Hudak at Webers Friday 2 p.m. hungry for votes – PC leader has cottagers cravings
By Mark Clairmont / MuskokaTODAILY
ARTREA — Central Ontario voters will get their closest look Friday afternoon at the man setting the agenda for the provincial election.
Ontario PC Leader Tim Hudak, who has been making the most headlines since the call of the election, will be making a quick detour to drop in for lunch at Webers Hamburgers on Hwy. 11.
He will join the holiday weekend cottage commuters, according to his campaign itinerary for a “photo-op” at 2 p.m.
Look for him to flip burgers with the “Key Man” — but not to flip-flop on any of his campaign promises.
The controversial leader with the admittedly clearest plan and agenda for future of the province will no doubt get a taste of the transportation gridlock that not only mars the GTA — but Muskoka and Central Ontario’s main street.
Globe and Mail columnist Roy McGregor, who grew up in nearby Whitney, wrote a great piece this week from nearby Barry’s Bay, where he said political leaders all but ignore ‘rural urbanites’ feel left out.
“If you want to find disenchantment, just head into the country,” he wrote.
He writes: “There is good reason why so many rural dwellers in Canada have come to feel as if they don’t really matter in the larger picture. And that reason is they are often treated as if they essentially do not exist.”
He said it’s a myth that most people live in big cities. Many do; most don’t. Like us, they live in small- to medium-sized towns and cities.
The ‘80 per cent of Canadians are urban’ “fib-rication,” he rightly points out, is to blame on a gross Statistics Canada figure that stated any town over 1,000 is urban.
That’s changed, he said, and now small, medium and large centres are 1,000 to 30,0000, then up to 100,000 and over the six-figure census count.
Expect Hudak to be joined by adjoining MPPs Norm Miller of Parry Sound-Muskoka and Simcoe North MPP Garfield Dunlop, neither of which appear to need their leaders help.
But Webers has become a regular stop for both provincial and federal politicians.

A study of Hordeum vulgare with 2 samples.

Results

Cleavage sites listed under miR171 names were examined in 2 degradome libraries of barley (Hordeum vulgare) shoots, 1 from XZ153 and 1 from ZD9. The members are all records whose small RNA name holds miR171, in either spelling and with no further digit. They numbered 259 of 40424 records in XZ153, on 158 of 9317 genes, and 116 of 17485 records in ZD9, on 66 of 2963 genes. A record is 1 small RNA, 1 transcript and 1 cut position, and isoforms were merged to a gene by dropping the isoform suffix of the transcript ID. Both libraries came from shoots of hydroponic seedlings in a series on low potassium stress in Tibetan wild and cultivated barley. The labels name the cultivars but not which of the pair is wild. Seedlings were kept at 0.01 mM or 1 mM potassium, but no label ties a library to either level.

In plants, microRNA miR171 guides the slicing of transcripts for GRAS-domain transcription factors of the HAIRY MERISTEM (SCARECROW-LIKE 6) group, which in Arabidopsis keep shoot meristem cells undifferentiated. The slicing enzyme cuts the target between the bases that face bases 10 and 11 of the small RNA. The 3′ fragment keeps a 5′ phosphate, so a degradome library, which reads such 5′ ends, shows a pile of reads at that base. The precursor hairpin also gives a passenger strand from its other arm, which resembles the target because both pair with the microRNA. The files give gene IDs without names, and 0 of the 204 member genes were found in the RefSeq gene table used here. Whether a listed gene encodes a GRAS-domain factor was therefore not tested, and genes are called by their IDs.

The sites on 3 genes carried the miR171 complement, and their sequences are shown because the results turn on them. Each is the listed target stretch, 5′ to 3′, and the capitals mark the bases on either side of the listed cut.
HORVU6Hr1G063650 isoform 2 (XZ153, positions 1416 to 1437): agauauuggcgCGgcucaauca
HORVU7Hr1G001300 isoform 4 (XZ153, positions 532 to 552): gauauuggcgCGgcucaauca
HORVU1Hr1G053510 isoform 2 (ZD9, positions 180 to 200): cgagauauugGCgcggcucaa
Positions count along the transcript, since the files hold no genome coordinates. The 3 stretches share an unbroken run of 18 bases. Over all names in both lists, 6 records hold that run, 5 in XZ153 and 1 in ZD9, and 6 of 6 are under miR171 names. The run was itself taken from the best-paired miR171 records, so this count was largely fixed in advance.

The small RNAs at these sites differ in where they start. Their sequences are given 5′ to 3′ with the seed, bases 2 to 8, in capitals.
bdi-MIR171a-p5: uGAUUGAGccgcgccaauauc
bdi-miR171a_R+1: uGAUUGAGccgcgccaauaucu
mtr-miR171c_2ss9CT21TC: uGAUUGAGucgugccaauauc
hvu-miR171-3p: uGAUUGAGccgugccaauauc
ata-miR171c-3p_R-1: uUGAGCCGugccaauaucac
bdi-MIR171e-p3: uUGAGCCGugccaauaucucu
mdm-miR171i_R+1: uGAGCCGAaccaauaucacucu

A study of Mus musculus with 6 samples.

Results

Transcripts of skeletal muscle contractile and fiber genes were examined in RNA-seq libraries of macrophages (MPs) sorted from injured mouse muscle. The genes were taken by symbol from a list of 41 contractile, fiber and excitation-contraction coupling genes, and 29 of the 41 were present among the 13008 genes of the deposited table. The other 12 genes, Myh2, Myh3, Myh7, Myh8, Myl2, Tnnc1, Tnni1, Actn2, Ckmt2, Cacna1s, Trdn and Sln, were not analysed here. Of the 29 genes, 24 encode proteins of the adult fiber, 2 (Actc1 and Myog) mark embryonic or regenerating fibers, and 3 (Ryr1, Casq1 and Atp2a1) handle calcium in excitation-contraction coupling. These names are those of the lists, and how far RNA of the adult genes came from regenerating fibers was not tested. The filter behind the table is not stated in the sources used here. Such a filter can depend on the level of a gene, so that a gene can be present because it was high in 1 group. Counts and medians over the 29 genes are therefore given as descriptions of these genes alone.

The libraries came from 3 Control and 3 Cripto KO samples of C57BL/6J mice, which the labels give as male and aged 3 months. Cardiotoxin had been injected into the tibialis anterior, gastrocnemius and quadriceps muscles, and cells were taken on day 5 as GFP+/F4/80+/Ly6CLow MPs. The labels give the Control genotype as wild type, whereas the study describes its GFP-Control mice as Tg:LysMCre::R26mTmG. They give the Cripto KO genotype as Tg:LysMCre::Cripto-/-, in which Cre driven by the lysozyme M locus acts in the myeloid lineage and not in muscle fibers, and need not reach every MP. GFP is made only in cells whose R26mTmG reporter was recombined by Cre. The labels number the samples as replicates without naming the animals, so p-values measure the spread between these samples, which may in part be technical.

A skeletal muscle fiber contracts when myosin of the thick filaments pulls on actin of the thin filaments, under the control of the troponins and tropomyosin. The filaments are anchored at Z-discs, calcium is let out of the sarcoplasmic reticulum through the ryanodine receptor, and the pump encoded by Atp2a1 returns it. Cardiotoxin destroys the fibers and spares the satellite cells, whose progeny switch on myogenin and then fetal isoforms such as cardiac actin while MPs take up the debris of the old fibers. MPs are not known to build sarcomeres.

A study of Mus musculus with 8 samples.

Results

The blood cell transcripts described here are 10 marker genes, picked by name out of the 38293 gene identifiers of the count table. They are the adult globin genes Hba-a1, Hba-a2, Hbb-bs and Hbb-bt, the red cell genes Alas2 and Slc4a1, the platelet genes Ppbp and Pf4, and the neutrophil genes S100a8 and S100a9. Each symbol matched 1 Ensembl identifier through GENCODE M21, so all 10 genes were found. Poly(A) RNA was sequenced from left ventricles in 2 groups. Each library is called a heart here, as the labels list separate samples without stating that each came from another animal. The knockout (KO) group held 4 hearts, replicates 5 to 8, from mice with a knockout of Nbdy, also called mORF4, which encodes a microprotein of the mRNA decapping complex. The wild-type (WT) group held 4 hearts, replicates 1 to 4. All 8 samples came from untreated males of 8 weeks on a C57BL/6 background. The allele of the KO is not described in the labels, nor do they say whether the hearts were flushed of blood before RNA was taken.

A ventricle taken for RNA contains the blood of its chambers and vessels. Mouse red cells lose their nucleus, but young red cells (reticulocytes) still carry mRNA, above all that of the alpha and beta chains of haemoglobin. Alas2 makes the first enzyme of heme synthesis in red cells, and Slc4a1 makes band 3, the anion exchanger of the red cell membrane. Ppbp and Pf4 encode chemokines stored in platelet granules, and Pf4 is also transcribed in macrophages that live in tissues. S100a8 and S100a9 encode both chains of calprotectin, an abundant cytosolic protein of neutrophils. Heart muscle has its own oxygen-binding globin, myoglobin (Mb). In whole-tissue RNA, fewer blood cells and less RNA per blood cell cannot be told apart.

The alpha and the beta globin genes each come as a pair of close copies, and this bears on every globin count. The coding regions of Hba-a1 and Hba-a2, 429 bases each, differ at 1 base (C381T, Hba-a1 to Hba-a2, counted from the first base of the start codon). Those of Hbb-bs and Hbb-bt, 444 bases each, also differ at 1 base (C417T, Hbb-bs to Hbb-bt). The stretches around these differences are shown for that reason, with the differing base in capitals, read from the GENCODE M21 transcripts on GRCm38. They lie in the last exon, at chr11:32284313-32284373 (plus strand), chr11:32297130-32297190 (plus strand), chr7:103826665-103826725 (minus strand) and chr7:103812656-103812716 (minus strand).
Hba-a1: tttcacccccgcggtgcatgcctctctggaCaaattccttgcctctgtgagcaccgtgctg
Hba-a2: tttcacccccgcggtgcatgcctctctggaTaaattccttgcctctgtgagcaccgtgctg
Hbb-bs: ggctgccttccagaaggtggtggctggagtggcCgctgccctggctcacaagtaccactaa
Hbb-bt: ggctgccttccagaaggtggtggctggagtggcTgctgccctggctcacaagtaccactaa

Hudak will be certain to hear from transient voters escaping the stresses of the big city to get away from it all to the ‘near-north.”
They will tell him that they can’t afford all the taxes — for government workers, schools and hospitals — what with having two homes, both in Southern Ontario and a second one in theses parts.
What Hudak won’t see, unless he ventured another 20 kilometres up the road, is a rural countryside desperate for jobs.
And with the huge importance of the few provincial government jobs in small communities in Ontario — many of which were cut by his predecessor Mike Harris at the MOEE and MNR — Hudak’s plans may not be digested well north of the Severn River.
At least Harris and his brief-successor Ernie Eves (our former MPP and premier) saw a glimpse of that when they motored up this way into our riding — either taking the Hwy. 69 cutoff at Barrie to Parry Sound or continuing on Hwy. 11 to North Bay.
But, at least Hudak will meet someone paying taxes and living large in Muskoka on Weber’s burgers.
The rest of us will have to be content with airing our beefs over backyard barbecues and weighing the leaders and their candidates.
Maybe Premier Kathleen Wynne or Andrea Horwath will drop in for breakfast or dinner.
The blackflies are already here.
Why don’t they join us. I have an empty B&B this weekend.
Hudak will start his campaign day at 9 a.m. at the Metro Toronto Convention Centre in downtown Toronto, around where he’s been spending much of time electioneering.
After his mid-day dalliance he will hop back on his bus and lead the hungry horde of media back to the GTA, where he will trade in his Webers whites for a black tuxedo and at 6 p.m. attend the Punjabi International Film Festival at the Mississauga Convention Centre.
But don’t look for him to glad-hand Mayor Hazel McCallion.
‘Hurricane’ Hazel slammed Hudak this week while endorsing Wynne.